MOST members of the SNP are over the age of 50 and not as socially liberal as “might be assumed”, experts have said.

While the race to become the party’s next leader will play out under the public gaze, only those who have already joined will have their say on who should succeed Nicola Sturgeon as first minister.

The SNP have become known for their progressive policies, but the membership is similar to others across the UK in terms of its makeup, according to Tim Bale, professor of politics at Queen Mary University London.

He said nearly three-quarters of members were thought to be in the ABC1 voter bracket – considered middle class – while less than 30% would be in the working-class grouping.

“As far as the SNP are concerned … in terms of their social class, they are much like other parties – it is very skewed towards middle-class membership,” he said.

“If you look at political participation generally, all the way through from voting to party membership to participation as MPs, politics is quite a middle-class sport in this country.

“That’s not to say there are no working-class people involved, but most will be middle class.

“Most of them will be men as well – again, that is pretty much par for the course with other parties as well. Men tend to join political parties more than women, so it is about 60% male, 40% female.”

Bale said the statistics were from a survey of SNP membership carried out just after the 2019 UK election, but there is likely to have been little change since.

According to that research, most members are in the 50 to 64-year-old age category at 40%, while 31% are over 65. In terms of younger members, 26% are aged 25 to 49, while just 3% are 18 to 24-year-olds.

“I think this is one that does always surprise people, although it shouldn’t because once again it’s par for the course for political parties – there is a big skew towards middle age and older,” Bale said.

“Around 70% of them are 50 or over, according to our figures.”

He added: “That is much in accordance with what you see in most political parties – in other words, party membership is not only a middle-class sport, it is a middle-aged sport, for the most part.

“And that, I think, does to some extent mean they are not as socially liberal as might be assumed because obviously older people do tend to have slightly more conventional, conservative views.

“That’s not to say they are socially conservative or illiberal, but they are not perhaps the social liberals that you might see in, for example, the Green Party. There would be a distinction there.”

Rob Johns, professor of politics at the University of Essex, said research which he carried out – which will be published in a new book – “exploded” some of the myths about the surge in SNP and Greens supporters after the 2014 referendum.

“A lot of people suggested the sudden influx of members was people who had been massively activist during the independence campaign and were really going to transform the parties,” he said.

“Whereas what we found is that actually there were just lots of people who were for independence, who were frustrated and thought, ‘this is something I can do’, but didn’t have much ambition to be active in the parties, and that is what happened.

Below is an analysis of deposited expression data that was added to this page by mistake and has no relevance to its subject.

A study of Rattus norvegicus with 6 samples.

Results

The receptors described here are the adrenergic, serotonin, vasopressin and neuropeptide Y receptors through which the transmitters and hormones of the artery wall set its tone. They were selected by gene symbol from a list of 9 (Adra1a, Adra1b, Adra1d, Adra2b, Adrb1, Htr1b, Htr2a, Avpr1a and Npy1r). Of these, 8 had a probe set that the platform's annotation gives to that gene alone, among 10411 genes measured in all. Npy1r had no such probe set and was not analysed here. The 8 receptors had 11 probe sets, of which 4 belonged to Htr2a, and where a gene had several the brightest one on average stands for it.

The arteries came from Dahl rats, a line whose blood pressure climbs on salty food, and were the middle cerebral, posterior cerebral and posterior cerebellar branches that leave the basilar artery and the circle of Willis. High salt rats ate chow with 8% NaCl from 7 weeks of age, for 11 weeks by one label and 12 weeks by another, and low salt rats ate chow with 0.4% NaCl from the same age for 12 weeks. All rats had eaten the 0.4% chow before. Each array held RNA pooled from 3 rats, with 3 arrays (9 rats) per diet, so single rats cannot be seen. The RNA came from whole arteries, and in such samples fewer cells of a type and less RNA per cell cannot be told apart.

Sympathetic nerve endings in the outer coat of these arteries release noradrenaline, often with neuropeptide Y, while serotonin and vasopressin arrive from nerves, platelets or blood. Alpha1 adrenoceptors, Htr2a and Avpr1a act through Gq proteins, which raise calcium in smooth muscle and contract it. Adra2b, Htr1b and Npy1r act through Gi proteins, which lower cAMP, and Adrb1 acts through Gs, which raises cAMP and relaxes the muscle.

“That is relevant to the leadership election, as sometimes people overstate the activist and impatient nature of the SNP membership and even their political interest.

“There are even people who joined the party twice as they had forgotten they had joined it – so a lot of those people won’t vote in the leadership election, a lot will vote but without having paid that much attention to what’s going on, let alone obsessing about the strategy for independence.

“And in that sense, there are more swing voters than we might expect, as members are not all as politically obsessive as we sometimes think.”

Johns also said the demographics of the SNP were “not distinct” from other parties in being mainly older, middle-class members.

He said there were similarities to Labour in the party having undergone a “liberalisation”, where socially conservative attitudes have been marginalised.

He said: “One of the weird things about leadership elections compared to normal voter elections, is it is not entirely clear what people should be voting for – whether they are voting for the policies they think should be enacted, the best leader for the job or some kind of combination of the two.

“I think they end up being more influenced by general impressions of candidates than they do necessarily by their policy profile.

“In Kate Forbes’s case, there’s plenty she thinks the membership would agree on, she is unfortunate in a sense that a great deal of attention is being paid to something that we don’t think voters in elections would be influenced primarily by – things like gay marriage – but they can form an image of somebody and that seems to be what is happening in this case.”

Johns said the response of members to these kind of criticisms would be varied – with some “really into politics”, while others would “absolutely be of a mind to ignore all that as froth”.

He added: “There is a definite danger this contest will fizzle out a little bit if there is a very overwhelmingly obvious frontrunner. And I think it will be interesting to see whether others can keep interest in this, and the more that happens, the closer the race will inevitably become.”